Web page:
English football powerbrokers head for AFC showdown

Two of English football's top powerbrokers will be in Malaysia to resolve a drawn-out row over Manchester United's planned Asian tour.
Premier League chairman Sir Dave Richards and Manchester United chief executive David Gill will meet Asian Football Confederation (AFC) president Mohamed Hammam today, AFC officials said.
Hammam, backed by FIFA president Sepp Blatter, has demanded United postpone a planned match against a Malaysian XI on July 27 and the rest of their tour as it clashes with the Asian Cup Finals from July 7-29.
He reiterated on Tuesday his position that United, or any other club, cannot play in countries hosting Asian Cup matches while the tournament is on.
“We are still looking to resolve the issue and the AFC's position remains the same,” he said.
“We are seeking an amicable solution with all parties concerned. I'm optimistic we can solve the problem.”
Earlier this month, Gill said Malaysia was a “second home” for the club and he was “extremely sad and disappointed to hear that we are not welcome”.
Despite uncertainty surrounding the match in Kuala Lumpur, United continue to offer travel packages on their website for the entire Asian tour, including the Malaysia game.
The Football Association of Malaysia (FAM) initially backed Hamman but reversed their position after Malaysian Prime Minister Datuk Seri Abdullah Ahmad Badawi threw his support behind the United match.
Hammam has asked to meet Abdullah but he has had no official response so far, AFC officials told AFP.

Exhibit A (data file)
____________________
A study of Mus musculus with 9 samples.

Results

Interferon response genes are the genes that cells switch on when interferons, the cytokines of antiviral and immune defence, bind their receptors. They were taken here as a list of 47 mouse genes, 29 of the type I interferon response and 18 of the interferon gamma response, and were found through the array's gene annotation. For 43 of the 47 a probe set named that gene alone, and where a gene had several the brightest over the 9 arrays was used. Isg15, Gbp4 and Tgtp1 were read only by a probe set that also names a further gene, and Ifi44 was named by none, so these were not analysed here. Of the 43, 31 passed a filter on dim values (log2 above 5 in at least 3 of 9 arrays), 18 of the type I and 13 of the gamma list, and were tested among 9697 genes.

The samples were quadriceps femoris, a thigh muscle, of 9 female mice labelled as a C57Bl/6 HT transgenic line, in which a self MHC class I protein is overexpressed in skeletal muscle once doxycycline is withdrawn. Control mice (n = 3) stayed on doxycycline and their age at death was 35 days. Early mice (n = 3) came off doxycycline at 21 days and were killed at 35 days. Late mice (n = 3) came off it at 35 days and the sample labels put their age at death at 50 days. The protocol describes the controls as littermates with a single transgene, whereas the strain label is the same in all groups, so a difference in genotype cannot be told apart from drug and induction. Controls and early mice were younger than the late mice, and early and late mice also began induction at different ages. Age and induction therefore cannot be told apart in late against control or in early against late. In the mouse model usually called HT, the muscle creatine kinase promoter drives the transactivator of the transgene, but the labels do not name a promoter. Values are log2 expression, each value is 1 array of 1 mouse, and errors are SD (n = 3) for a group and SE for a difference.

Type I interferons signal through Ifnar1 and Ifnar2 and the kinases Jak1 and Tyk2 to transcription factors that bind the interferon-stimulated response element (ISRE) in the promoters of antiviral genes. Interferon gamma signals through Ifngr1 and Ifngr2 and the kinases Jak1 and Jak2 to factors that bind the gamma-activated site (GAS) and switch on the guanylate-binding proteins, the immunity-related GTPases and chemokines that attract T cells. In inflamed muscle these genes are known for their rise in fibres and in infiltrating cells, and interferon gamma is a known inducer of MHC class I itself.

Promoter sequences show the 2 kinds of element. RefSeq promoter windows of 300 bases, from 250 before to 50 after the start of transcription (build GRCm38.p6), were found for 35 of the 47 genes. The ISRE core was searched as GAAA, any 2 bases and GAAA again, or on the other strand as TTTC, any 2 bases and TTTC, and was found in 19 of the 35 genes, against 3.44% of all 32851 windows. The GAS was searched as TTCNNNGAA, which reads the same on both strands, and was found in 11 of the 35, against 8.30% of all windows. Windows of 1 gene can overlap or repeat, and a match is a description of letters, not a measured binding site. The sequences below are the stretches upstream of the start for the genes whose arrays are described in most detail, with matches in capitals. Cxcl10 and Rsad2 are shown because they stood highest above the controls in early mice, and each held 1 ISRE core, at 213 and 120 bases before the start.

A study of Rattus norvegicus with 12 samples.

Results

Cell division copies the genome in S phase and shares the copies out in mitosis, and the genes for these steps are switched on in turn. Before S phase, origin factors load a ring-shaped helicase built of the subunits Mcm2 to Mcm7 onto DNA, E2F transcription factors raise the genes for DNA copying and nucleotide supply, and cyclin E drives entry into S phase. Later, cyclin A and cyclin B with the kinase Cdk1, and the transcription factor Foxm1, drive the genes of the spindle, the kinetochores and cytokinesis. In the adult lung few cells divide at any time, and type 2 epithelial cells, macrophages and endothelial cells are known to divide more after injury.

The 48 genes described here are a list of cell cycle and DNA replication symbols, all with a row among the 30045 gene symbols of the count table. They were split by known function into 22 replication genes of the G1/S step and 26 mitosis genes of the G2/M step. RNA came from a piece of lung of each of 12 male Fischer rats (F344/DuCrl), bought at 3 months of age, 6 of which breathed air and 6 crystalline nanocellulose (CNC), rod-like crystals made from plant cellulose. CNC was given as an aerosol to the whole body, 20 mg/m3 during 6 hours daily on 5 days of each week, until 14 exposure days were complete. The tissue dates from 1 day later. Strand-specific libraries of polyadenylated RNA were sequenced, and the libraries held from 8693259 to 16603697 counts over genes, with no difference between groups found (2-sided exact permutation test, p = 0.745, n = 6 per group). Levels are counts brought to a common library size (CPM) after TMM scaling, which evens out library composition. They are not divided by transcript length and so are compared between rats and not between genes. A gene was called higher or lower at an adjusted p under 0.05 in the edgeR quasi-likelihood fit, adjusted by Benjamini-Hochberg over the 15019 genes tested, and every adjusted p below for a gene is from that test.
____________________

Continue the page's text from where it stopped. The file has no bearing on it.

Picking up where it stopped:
Malaysian Sports Minister Datuk Seri Azalina Othman Said said on Tuesday the government's backing of United should not be misconstrued as a snub to the Asian Cup.
She said she wanted to see the United game go ahead because it was part of the nation's 50th anniversary celebrations of its independence from Britain.
“The Sports Ministry is as committed to the Asian Cup as ever. We will do our best to ensure that the stadium is filled during the Asian Cup,” she was quoted as saying.
“Even the prime minister wants Manchester United to be here as part of our Merdeka (independence) celebrations, and we are merely supporting the prime minister's call.”
Hammam has said the government, through the Sports Ministry, gave an undertaking that it would honour its commitments to the Asian Cup as a host nation, which includes not holding any other football matches while it is on.
He has warned of “wide-ranging legal repercussions” if United visit Malaysia during the tournament, urging them to reschedule the match in August.
The newly-crowned Premier League champions announced in April that they would warm up for the 2007-2008 season with a tour that takes them to Japan, South Korea, Macau and Malaysia.
The Asian Cup Finals are co-hosted by Indonesia, Malaysia, Thailand and Vietnam.